Wine and Food Recipes
The idea of putting wine in the pan or pouring it over food might seem obvious, but these recipes go way beyond just some splashes. They make wine a key ingredient in layering tons of complex flavor into dishes like French coq au vin or Italian-American chicken marsala.
When pairing foods and wines, try to look for congruent or contrasting flavors. For example, a rich cream sauce can be perfectly paired with a buttery Chardonnay.
Sweet wines have a self-explanatory, more sugary taste that can come from fruit or added sugar during the winemaking process. They can also be fortified, as with port and sherry, or made using a natural process like noble rot (aka botrytis), which dehydrates grapes and concentrates the sweetness. This can lead to wines like Sauternes, ice wines and mavrodaphne — a Greek red dessert wine that tastes similar to a ruby Port with flavors of dried fruits, vanilla, caramel and chocolate.
Generally, sweet wines are best used with other sweet foods or desserts, but savory dishes can be paired with them as well. The key is to use contrasting pairings, where the wine and food have opposite tastes, or congruent pairings, which amplify shared flavor compounds, such as savory with sweet. Take this simple chicken and rice recipe, for example — the addition of sweet white wine and tarragon takes this comfort food supper to new heights of deliciousness.
A sour taste is acidic (meaning it contains more hydrogen ions than the neutral pH of water), resulting in a bitter or sharp flavor. A sour flavor is one of the four basic taste sensations, along with sweet, salty, and bitter.
A dish with rich spices calls for a full-bodied wine to stand up to it, while something light or creamy requires a lighter wine to complement the flavors. A fruity wine can also pair well with a sour dish.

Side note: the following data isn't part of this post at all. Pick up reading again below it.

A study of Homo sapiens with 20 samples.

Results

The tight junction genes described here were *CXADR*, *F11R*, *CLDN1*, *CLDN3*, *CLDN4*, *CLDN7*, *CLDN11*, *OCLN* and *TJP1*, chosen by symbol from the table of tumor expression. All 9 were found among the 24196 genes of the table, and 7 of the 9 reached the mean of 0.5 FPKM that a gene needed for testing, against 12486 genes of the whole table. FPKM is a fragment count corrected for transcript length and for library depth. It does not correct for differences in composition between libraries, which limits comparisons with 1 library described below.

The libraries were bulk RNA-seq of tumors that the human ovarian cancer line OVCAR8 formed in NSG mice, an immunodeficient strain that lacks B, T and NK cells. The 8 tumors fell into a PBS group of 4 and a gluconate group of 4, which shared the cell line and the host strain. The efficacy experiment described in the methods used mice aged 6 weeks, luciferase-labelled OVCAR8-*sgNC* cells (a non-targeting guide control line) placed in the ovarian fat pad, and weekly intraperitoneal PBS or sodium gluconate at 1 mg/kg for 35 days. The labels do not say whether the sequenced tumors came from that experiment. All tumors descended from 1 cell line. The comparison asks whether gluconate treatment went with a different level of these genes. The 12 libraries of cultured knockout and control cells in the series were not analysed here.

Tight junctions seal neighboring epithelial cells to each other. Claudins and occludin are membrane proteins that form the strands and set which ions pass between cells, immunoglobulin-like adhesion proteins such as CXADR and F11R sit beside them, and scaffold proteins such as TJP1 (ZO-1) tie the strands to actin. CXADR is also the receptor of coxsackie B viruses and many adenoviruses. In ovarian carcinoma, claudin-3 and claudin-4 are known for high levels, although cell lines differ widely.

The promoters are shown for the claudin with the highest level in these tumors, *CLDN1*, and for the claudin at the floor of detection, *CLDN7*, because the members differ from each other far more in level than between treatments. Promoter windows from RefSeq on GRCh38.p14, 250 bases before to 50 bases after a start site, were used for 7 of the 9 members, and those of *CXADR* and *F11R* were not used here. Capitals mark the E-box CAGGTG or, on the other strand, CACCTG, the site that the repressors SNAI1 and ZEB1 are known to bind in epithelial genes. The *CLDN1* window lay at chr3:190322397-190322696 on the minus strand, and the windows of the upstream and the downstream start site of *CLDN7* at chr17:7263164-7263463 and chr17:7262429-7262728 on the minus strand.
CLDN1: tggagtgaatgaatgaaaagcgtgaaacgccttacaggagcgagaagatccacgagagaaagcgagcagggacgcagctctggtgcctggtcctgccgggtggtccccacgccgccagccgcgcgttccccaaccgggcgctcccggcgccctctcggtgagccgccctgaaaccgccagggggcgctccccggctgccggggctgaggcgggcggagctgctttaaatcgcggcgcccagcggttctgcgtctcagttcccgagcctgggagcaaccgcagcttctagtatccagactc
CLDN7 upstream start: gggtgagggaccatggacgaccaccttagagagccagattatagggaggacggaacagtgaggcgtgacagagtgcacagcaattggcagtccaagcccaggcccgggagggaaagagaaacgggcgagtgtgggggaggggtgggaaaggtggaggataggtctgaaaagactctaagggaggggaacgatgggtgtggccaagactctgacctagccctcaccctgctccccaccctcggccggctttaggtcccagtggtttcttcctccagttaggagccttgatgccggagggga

Sours are drinks that combine a base spirit, lemon or lime juice, and a sweetener such as simple syrup or orgeat syrup. The New York sour, for example, is traditionally made with bourbon whiskey but you can try it with rye whisky for more spice notes. These drinks are best enjoyed over ice and with a garnish such as an orange twist or a cherry on top. You can make your own sour by shaking a spirit, lemon juice, and simple syrup in a cocktail shaker.
When looking for wine and food recipes it is important to remember that all wines are made up of alcohol, sugar, acid and tannin while foods contain these same elements as well as fat, salt and other flavor characteristics. Matching these tastes together is the key to creating a wine and food pairing that complements rather than competes with each other.
Salty dishes are very wine friendly as they enhance the sweetness of a wine and decrease the sense of bitterness, astringency and the burning sensation from acidity in the wine. For a perfect salty wine and food pairing recipe try marinated grilled shrimp with a glass of unoaked warm climate chardonnay.
Umami is a fifth taste that is described as savory and is found in things like mushrooms, parmesan cheese, cured meats and seafood. Umami can increase the perception of bitterness, astringency and alcohol burn in wine while decreasing body, sweetness and fruitiness. Wines that are high in umami, such as shiraz, are great with rich meat dishes while wines high in fruit will pair well with vegetarian dishes.
Acidity is a natural component of wine and grapes that influences the balance, flavor and mouthfeel of the finished wine. It also conditions yeast during fermentation and protects the wine from bacteria.
The ideal amount of acidity in a bottle depends on the type and ripeness of the grapes, and the climate where they are grown. The most important acidic compounds are tartaric, malic and citric acids.
In a glass of wine, acidity makes flavors pop and can refresh the palate. It also balances sweetness and saltiness, making it a great companion to many savory dishes. It also pairs well with rich or fatty foods and can help to soften the impact of a meal’s fat content on your stomach.
Acidity can also be found in beverages like soda, which often has a high acidity level even though it is sweet. The acidity in a soda is balanced by the amount of sugar and can have a different effect than in a bottle of wine.